SOCHI, Russia – This isn't what the Americans came for, a chance to beat Finland and walk home with bronze. But it says something about American hockey that they were viewed throughout the hockey world as a genuine gold-medal threat, that they played throughout this tournament like a genuine gold-medal threat.
It's been 34 years since the Miracle at Lake Placid, but it won't take another 34 years before Americans win Olympic hockey gold.
The reason is simple, and it was explained concisely by former goaltending legend Ken Dryden in an article on the Grantland website: We're growing our own hockey players now. In 1969, only 8 of 322 NHL players were American. In 1980, the year of the Miracle, just 68 of 654 NHL players were American. This year, there are 218 American players in the NHL, and only 52 percent of the league is Canadian.
PLAIN AND SIMPLE: Canada beat USA at its own game
"Thirty four years ago, it was a miracle,'' U.S. coach Dan Bylsma said Friday night after the Americans' 1-0 Olympic semifinal loss to Team Canada. "But the circumstances are much different now. (Canadian coach) Mike (Babcock) talked about building programs and we've done that now in the United States, so it's not a miracle to think about winning a gold medal here or in the future. Unfortunately, we missed that opportunity tonight. But yeah, I guess the reference is old and it's no longer applicable.''
Hockey is no longer the sole province of Canada and certain European nations. The Americans belonged here, belonged in this game, having sent its deepest-ever team to Sochi.
They lost 1-zip.
No shame in that.
Honestly? The better team won, scoring on Jamie Benn's perfect deflection of a Jay Bouwmeester shot from the point.
"They played good hockey and when we got the puck into their end, they moved it out right away,'' said Patrick Kane, who played well in this game but was largely invisible in the tournament. He failed to score a goal in these Games. "We tried to come up with speed but they did a good job of clogging it up and played good defense when we got into their zone. We had a couple of chances on the power play, but obviously we had to shoot a bit better.''
Bylsma all but guaranteed the Americans would come home with the bronze medal, at least.
"We're not coming home with nothing,'' he said.
After most losses, there's ample finger pointing and blame assignment. It's what we do in sports, in America and everywhere else.
Let me point the finger.
Babcock and his staff have the Canadians, a group of great individual talents, playing like a team. They could be Jacques Lemaire's old Devils team, clogging the neutral zone, eliminating the American forecheck with their own neat, clinical breakouts, establishing their forecheck deep in the American end.
It's not the kind of hockey you think about when you're considering the bigger, international ice surface. It's not the free-skating, free-wheeling offensive game. But the Canadians have brought the NHL defensive mindset to these Olympics, and it's put them in position to win the gold medal against Sweden Saturday.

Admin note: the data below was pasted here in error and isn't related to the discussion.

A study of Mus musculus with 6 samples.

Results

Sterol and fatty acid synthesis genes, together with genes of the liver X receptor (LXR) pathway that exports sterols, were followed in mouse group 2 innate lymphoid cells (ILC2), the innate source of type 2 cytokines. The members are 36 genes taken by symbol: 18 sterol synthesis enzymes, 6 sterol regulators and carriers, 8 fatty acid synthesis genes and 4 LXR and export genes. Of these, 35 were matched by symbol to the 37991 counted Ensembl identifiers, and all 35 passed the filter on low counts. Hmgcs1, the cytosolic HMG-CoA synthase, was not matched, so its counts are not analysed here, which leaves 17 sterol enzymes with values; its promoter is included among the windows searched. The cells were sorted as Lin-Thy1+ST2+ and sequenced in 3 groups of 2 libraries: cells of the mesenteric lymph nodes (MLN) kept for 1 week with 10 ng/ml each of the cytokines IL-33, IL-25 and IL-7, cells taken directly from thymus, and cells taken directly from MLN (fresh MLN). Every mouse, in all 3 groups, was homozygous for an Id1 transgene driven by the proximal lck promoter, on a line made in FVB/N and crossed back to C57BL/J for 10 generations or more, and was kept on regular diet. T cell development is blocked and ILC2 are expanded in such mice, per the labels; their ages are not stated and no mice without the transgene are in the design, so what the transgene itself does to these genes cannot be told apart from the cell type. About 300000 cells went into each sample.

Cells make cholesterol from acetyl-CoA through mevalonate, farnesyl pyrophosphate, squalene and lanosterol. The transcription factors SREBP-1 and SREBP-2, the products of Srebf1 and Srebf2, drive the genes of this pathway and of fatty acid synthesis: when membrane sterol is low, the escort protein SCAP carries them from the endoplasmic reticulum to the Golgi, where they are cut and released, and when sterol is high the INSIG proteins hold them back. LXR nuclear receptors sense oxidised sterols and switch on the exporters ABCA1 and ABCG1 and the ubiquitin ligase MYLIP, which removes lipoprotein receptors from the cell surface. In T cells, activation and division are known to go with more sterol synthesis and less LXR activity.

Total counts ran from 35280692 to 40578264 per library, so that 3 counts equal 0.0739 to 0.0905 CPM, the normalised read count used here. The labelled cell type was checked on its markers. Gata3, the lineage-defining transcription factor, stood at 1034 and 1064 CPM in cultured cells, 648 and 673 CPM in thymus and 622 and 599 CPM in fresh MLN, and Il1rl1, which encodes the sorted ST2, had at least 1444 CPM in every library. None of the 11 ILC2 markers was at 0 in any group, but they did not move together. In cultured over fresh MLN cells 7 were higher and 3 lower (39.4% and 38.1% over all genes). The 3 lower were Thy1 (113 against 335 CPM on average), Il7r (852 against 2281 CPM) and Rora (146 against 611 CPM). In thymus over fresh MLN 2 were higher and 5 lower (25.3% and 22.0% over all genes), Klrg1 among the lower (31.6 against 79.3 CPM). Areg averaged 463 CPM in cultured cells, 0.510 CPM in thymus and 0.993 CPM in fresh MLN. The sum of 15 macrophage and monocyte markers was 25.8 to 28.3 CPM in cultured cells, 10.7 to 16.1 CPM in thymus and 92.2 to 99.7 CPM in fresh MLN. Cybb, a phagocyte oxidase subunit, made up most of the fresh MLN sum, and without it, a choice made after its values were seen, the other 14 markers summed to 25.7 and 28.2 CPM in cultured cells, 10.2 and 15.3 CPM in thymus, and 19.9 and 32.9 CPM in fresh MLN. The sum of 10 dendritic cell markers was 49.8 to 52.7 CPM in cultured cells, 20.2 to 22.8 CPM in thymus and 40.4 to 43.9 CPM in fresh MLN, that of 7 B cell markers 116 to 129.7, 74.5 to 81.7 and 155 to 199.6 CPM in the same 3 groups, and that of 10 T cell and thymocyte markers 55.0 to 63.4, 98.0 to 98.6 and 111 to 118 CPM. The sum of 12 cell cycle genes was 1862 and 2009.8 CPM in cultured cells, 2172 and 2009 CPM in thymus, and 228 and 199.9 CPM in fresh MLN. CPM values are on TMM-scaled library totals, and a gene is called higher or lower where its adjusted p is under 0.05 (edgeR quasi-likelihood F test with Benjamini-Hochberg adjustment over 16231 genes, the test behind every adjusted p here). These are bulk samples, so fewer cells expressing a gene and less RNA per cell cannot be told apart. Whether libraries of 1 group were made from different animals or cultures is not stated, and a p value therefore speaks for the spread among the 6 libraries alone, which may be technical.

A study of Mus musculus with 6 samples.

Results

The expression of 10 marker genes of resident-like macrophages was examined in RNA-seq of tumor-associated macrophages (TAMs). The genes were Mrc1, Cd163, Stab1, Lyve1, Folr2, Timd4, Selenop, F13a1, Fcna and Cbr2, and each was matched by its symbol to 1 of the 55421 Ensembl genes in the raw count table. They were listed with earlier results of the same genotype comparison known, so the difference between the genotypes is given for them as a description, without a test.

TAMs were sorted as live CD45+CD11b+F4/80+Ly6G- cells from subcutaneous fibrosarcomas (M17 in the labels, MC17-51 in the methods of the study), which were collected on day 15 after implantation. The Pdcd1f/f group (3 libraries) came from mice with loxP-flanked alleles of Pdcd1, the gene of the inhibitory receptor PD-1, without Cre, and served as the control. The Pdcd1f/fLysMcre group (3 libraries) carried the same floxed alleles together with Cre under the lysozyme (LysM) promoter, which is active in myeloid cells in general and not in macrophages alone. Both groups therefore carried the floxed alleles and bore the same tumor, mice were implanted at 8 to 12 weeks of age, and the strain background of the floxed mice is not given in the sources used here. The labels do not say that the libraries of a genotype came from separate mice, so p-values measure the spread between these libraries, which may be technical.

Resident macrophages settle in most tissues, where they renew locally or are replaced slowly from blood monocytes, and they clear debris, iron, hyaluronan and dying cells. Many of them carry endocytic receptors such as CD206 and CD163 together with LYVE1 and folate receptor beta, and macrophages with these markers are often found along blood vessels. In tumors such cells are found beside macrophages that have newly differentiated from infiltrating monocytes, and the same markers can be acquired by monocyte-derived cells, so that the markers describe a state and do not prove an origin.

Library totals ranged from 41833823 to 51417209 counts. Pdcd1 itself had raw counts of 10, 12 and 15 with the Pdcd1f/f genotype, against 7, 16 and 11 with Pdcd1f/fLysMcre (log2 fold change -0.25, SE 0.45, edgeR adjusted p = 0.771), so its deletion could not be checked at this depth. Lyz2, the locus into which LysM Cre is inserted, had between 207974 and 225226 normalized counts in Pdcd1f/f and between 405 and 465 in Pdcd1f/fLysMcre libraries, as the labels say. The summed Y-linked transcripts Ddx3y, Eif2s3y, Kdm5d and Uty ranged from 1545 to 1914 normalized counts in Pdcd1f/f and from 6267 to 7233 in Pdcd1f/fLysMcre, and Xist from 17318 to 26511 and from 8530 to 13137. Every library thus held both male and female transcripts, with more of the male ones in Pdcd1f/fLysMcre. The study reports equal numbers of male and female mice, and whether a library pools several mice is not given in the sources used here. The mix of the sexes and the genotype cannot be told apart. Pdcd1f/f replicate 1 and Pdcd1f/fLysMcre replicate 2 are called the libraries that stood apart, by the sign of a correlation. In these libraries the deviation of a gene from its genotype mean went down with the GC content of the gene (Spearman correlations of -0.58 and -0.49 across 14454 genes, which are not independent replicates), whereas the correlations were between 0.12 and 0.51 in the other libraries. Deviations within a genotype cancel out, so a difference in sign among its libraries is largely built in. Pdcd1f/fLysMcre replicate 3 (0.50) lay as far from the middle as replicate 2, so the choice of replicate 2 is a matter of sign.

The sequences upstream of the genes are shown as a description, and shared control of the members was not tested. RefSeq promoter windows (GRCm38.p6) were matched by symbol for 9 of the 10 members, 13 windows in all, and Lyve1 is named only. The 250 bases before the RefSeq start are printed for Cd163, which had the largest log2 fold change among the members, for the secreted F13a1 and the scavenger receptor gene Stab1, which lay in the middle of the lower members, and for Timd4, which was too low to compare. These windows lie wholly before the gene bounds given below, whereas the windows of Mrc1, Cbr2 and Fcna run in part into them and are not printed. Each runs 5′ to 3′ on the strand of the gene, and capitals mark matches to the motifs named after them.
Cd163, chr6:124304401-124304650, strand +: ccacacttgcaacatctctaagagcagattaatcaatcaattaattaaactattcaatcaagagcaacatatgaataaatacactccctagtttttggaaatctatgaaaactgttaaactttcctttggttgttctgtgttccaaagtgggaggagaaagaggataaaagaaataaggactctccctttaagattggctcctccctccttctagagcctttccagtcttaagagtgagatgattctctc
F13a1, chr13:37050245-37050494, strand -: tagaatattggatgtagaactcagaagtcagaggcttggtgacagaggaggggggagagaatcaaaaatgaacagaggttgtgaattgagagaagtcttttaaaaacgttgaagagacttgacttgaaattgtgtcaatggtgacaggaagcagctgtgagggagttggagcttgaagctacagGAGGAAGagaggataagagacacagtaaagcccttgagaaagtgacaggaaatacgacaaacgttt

"We've been so good defensively the whole time,'' Babcock said. "Sometimes it's hard to get really great players to play defensively, but these guys have bought in to what we're trying to do.''
Said Canadian forward Matt Duchene: "I think we were the first team that could skate with them in this tournament. Even the Russians didn't play them as hard as we did. We've got such a commitment to back-checking and being hard to play against.''
The Canadians gave no quarter. They were like a python squeezing the life out of its prey. The U.S. had fewer than a half dozen good chances. The Americans finally met their match after having shown up so well throughout the tournament.
If nothing else, they'll always have the Russia memory – which is something.
But how good is Canada? Rick Nash plays on its fourth line. Rick Nash, a star in the NHL and one of the best forwards in the game. The Canadians are loaded, and what makes them so dangerous now is, they're also together.
It was suggested here before that this was the real gold-medal game. Canada will finish the job here Saturday against Sweden.
The reason is simple: The Canadians are playing remarkable defense, and their goaltender, Carey Price, is at the very top of his game.
"(Defense) is something from day one that we really believed in,'' Sidney Crosby said. "That's a big part of having success here. You see the games in this tournament, they're all pretty tight, so defense is a common theme. When there's not much separating these teams, you have to keep the puck out of your own net. As a group, we've done a good job with that.''
For the Americans, the only shame now will come if they go home empty handed. As a hockey nation, we haven't accomplished enough to dismiss a medal, even if it's bronze. We don't have the Canadians gold-or-bust mentality.
Maybe someday, but not today.
Bob Kravitz also writes for the Indianapolis Star.